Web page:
It's always easy to spot Bertrand Grospellier at the WSOP, even with the Amazon Room packed for Day 2B of the Main Event.
'ElkY' is always dressed up on the blingy side, sporting an array of jeweled hoodies and t-shirts that would make any Ed Hardy fan envious.
More importantly though, Grospellier is easy to spot because he's usually got a giant stack of chips in front of him.
Since turning his focus to poker in 2005, Grospellier has established himself as one of the top No-Limit Hold'em players in the world, with seven cashes at the WSOP in the last three years.
Grospellier is also a dominant figure around the world, winning major events on both the WPT and EPT in the past year to burst out on the poker scene.
Now, with Day 2B officially in the books, Grospellier is poised for Day 3 and he'll return Friday with 208k in chips.
It wasn't a perfect day for Grospellier, but he survives nonetheless.
"I didn't make anything on the flop in the last level, so I dropped down a little bit," Grospellier told PL.com shortly after bagging up his chips.
"I guess that's not so bad, that's a pretty good chip stack. I'm satisfied. There are a lot of good players left but the structure is great. I'm pretty confident."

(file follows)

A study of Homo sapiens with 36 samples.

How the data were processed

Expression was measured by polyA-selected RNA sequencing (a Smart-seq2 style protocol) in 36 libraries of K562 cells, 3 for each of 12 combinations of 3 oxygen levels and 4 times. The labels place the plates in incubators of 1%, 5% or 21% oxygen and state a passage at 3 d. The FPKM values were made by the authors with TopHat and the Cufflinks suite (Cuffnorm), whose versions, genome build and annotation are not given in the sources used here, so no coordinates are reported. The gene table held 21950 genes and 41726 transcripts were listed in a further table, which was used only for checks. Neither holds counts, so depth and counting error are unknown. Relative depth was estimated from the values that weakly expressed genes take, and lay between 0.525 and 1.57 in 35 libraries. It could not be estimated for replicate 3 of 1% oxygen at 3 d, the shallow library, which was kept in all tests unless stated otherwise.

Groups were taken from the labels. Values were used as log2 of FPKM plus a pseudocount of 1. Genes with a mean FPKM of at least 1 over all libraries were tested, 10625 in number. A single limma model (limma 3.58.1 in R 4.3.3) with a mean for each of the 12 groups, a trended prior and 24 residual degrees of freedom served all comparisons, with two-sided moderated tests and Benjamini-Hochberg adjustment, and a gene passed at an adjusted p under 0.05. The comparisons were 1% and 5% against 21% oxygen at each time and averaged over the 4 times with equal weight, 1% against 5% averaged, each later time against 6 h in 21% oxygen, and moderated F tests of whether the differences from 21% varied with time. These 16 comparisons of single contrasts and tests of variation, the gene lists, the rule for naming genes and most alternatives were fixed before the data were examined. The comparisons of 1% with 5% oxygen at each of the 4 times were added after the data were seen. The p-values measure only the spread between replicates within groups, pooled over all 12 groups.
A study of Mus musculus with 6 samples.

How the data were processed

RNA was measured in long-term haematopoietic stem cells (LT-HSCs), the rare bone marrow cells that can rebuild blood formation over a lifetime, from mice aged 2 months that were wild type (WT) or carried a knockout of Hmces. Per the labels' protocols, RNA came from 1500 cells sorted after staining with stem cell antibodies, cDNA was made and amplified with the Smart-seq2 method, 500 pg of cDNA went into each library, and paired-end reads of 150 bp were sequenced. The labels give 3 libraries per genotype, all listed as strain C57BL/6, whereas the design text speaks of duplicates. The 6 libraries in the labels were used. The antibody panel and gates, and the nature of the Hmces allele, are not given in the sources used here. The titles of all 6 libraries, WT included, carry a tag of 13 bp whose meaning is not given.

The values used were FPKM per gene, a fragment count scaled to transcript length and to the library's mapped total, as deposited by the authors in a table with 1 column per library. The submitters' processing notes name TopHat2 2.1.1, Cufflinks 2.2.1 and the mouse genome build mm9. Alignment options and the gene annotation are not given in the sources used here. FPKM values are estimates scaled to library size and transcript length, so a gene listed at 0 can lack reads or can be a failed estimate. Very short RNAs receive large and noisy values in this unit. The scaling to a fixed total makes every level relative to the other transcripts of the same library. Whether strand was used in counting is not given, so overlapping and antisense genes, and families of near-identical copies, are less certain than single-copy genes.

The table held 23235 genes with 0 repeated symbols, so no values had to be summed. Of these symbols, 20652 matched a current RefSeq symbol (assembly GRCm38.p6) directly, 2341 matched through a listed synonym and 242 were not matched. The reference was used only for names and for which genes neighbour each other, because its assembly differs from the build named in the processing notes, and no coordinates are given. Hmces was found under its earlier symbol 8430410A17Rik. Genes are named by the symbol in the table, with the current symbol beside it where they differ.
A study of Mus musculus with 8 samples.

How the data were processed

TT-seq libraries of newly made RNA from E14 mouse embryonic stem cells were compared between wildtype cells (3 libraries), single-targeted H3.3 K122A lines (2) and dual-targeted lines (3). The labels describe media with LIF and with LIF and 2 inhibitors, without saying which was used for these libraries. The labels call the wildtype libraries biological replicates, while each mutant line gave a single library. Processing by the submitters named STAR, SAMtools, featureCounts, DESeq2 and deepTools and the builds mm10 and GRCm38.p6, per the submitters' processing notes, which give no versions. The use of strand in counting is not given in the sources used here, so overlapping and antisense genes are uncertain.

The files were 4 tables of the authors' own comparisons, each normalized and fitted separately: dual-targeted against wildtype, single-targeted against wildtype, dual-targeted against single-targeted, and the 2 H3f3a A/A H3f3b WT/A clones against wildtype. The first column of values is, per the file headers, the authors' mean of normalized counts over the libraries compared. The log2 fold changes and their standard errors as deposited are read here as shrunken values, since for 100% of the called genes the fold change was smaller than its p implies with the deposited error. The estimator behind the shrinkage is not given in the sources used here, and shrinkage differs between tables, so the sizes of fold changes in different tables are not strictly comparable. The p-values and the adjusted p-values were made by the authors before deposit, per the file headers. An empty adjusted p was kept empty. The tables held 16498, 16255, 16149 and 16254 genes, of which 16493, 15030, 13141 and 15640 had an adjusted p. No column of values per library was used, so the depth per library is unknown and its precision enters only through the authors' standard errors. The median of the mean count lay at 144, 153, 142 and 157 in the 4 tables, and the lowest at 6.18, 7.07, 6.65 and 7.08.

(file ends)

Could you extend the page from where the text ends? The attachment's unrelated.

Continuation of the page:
The Main Event takes a day off Thursday, and a field of right around 2,000 players will return Friday.
648 players will make the money and, with the opening stages of the tournament complete, Grospellier likes his chances for a deep run.
The French No-Limit Hold'em specialist fought through a tricky first two days, picking his spots against an eclectic field.
"The field is big, and amateurs do things that are kind of weird," Grospellier said. "They'll do things like raise with deuce-five, and there are a lot of people moving in before the flop."
The variable of so many unknown players and styles in the Main Event makes it tough for the pros to survive, but Grospellier is right in the mix.
"It's kind of tricky," Grospellier said. "You just have to always be thinking. You have such a mix of players, really good online players, live pros, complete amateurs. So you really have to be careful and be able to assess who's playing at your table pretty quickly."
Despite the fact that nearly 4,500 players have busted out of this year's Main Event, 'ElkY' is still on his guard for reckless amateurs and other assorted brands of donkeys and fish.
"I'm sure there are still a lot of those players in the field," said Grospellier with a knowing smile. "You have to be careful."